EaglesOne of my web-friends on Flickr posted this photo this yesterday of an American Bald Eagle.
In her description under the photo, she links to the Southwest Florida Eagle Cam, where you can watch live streaming tv from the eagles' nest. The Eagle Cam also has a Facebook page, and a Twitter ID. On both those links you can follow the history of the Eagle chicks, and general news about the birds.
|Screen shot of @SWFLEagleCAM|
|from the SWFL EagleCam's Twitter feed|
RaptorsIf you want to see more bird resources like this, go to the Raptor Resource Project's page, for links to their blog, photos, maps (here and here), Facebook, YouTube and bird cam video streams. (When you watch the live video streams, keep time zone differences in mind.)
Live video by Ustream
MaxRecently, those of us following the travels of the world's longest-tracked wild animal, learned of the death of Max the Stork, at her winter home in Spain:
"Max, the Swiss-born stork who is the longest banded and tracked animal in the world, has died at 13.5 years of age in her winter retreat in Spain, said the Natural History Museum of Fribourg (NHM) on 27 October...Max, a female, was born in Avenches, canton Vaud in 1999. She mated for the first time at age 3 and raised 26 offspring in 11 separate occasions.
The Fribourg Museum in a statement thanked volunteers, supporters and the Affenberg Salem Park which helped track her movements for more than a decade." (read more at Geneva Lunch)
"Max the stork, the grand old lady of Swiss bird research, has been found dead in Spain at the age of 13 and a half. No other animal in the world has been tracked by satellite over such a long period, experts say.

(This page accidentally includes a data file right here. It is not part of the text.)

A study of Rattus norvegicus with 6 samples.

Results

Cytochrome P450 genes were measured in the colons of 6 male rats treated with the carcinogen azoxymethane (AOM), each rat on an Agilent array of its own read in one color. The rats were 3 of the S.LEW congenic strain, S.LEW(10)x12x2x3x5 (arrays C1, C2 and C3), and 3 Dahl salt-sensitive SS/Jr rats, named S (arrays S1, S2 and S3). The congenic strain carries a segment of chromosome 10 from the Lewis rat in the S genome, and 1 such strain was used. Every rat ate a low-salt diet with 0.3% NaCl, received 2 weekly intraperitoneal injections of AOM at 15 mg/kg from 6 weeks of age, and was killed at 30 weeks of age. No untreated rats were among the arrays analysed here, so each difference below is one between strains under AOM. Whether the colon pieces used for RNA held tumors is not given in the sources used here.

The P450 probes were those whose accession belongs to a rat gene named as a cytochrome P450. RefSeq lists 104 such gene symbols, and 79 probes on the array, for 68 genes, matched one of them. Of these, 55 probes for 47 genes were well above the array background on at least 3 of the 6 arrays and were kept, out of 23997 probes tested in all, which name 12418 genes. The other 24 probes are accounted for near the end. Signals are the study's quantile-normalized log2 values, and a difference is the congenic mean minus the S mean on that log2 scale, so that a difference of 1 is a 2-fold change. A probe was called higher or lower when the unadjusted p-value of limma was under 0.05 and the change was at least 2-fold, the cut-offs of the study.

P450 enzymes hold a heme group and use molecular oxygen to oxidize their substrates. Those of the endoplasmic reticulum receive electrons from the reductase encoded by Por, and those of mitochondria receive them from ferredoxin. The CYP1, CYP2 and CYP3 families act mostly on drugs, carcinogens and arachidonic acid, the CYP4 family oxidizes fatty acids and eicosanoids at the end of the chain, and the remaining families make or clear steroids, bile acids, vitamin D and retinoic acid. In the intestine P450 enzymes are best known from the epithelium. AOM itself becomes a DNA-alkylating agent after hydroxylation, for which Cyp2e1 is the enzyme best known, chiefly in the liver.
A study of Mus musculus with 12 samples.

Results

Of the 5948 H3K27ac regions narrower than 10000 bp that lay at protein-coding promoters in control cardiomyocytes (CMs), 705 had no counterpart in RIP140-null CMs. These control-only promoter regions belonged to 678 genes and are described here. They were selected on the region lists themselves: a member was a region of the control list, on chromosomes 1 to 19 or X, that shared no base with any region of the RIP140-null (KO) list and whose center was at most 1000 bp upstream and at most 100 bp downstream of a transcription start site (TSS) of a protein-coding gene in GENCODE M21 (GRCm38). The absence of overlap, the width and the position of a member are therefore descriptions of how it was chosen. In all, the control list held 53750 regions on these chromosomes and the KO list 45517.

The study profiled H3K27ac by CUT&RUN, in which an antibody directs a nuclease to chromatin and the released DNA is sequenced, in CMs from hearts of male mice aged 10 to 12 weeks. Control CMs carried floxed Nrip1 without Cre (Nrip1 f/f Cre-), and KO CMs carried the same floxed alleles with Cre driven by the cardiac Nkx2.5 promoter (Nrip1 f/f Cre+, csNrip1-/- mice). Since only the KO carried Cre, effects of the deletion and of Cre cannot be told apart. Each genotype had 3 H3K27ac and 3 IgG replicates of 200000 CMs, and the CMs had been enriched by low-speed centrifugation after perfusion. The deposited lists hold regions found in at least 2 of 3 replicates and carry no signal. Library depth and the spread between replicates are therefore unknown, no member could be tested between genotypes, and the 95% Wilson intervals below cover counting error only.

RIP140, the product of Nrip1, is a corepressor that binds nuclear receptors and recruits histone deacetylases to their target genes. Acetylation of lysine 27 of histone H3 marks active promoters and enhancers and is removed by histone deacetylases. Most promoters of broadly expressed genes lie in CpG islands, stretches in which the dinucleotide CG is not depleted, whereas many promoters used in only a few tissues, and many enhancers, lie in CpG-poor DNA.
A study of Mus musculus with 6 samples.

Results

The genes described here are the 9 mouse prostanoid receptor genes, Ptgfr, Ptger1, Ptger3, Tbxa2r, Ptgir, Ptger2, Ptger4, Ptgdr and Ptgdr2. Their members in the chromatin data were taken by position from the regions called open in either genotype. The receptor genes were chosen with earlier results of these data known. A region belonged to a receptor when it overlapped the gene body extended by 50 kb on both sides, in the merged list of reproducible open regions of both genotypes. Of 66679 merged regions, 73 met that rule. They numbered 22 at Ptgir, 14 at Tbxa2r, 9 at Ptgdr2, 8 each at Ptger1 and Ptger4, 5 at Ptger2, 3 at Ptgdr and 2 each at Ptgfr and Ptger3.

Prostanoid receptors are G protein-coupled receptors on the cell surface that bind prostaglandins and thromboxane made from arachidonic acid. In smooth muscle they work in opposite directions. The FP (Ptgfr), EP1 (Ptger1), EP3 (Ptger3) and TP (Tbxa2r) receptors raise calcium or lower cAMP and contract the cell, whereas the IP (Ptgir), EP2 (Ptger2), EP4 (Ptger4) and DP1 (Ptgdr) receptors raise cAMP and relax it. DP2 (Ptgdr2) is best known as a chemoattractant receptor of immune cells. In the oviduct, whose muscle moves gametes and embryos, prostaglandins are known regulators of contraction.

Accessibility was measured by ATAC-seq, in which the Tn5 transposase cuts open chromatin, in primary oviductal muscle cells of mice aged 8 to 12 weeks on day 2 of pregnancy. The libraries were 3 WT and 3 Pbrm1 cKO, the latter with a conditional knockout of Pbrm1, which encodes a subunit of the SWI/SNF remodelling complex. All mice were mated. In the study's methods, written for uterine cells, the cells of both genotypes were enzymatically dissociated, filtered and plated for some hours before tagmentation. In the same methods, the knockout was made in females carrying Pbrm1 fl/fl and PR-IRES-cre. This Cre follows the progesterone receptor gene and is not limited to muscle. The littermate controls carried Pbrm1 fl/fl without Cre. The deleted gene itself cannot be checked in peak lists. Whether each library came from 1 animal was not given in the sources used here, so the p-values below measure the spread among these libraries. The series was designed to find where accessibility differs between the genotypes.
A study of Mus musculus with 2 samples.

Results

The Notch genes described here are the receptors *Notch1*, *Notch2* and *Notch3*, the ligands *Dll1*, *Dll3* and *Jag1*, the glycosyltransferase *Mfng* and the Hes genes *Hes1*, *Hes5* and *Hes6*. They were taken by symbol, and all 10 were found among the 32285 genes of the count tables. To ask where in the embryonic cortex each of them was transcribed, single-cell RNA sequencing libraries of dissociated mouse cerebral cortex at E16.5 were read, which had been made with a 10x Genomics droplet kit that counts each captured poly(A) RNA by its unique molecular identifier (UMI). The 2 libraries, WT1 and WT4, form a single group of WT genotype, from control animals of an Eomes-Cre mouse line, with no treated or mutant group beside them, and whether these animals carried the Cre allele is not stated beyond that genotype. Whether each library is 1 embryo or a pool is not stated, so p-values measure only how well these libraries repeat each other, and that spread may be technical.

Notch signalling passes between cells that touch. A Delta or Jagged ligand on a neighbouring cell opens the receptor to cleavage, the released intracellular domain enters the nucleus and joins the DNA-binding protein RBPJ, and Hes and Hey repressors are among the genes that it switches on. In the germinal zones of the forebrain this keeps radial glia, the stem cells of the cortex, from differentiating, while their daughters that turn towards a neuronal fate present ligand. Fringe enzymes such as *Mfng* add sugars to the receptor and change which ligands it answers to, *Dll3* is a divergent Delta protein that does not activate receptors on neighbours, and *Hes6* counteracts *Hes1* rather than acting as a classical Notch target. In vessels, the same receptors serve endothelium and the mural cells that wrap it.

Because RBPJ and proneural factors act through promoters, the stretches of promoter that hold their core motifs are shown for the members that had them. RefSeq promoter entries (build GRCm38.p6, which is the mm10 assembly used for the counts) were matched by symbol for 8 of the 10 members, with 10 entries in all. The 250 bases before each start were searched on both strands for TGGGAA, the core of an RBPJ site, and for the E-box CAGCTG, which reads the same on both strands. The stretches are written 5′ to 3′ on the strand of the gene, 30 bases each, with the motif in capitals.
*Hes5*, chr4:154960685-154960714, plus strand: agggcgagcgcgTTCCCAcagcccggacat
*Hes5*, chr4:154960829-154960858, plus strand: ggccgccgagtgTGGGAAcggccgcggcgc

The museum of natural history in Fribourg, which had tracked her since she was two months old, said in a press statement on Thursday that by the time the body was found it had been half eaten, making it impossible to determine the exact cause of death." (read more at SwissInfo)
Uploaded on May 16, 2008
Kinderstube im Nest von Sender-Störchin MAX in Tüfingen am 12.Mai 2008
What are the technologies involved in the stories in this post? Streaming TV, uploaded video, news from RSS feeds, social photo sharing, blogging, micro-blogging, satellite transition and tracking, live-mapping, and probably some more that I've missed! How much is accessible to Primary and Middle School students? All of it, easily. How much could these students contribute to, or recreate in a project of their own?
- They can follow all the Twitter and Facebook streams to read the latest news about these birds, and other animals, and the foundations that watch over them.
- They can get involved in nature projects in their own area
- They can create their own media about nature as they experience it (Examples here, here and here.)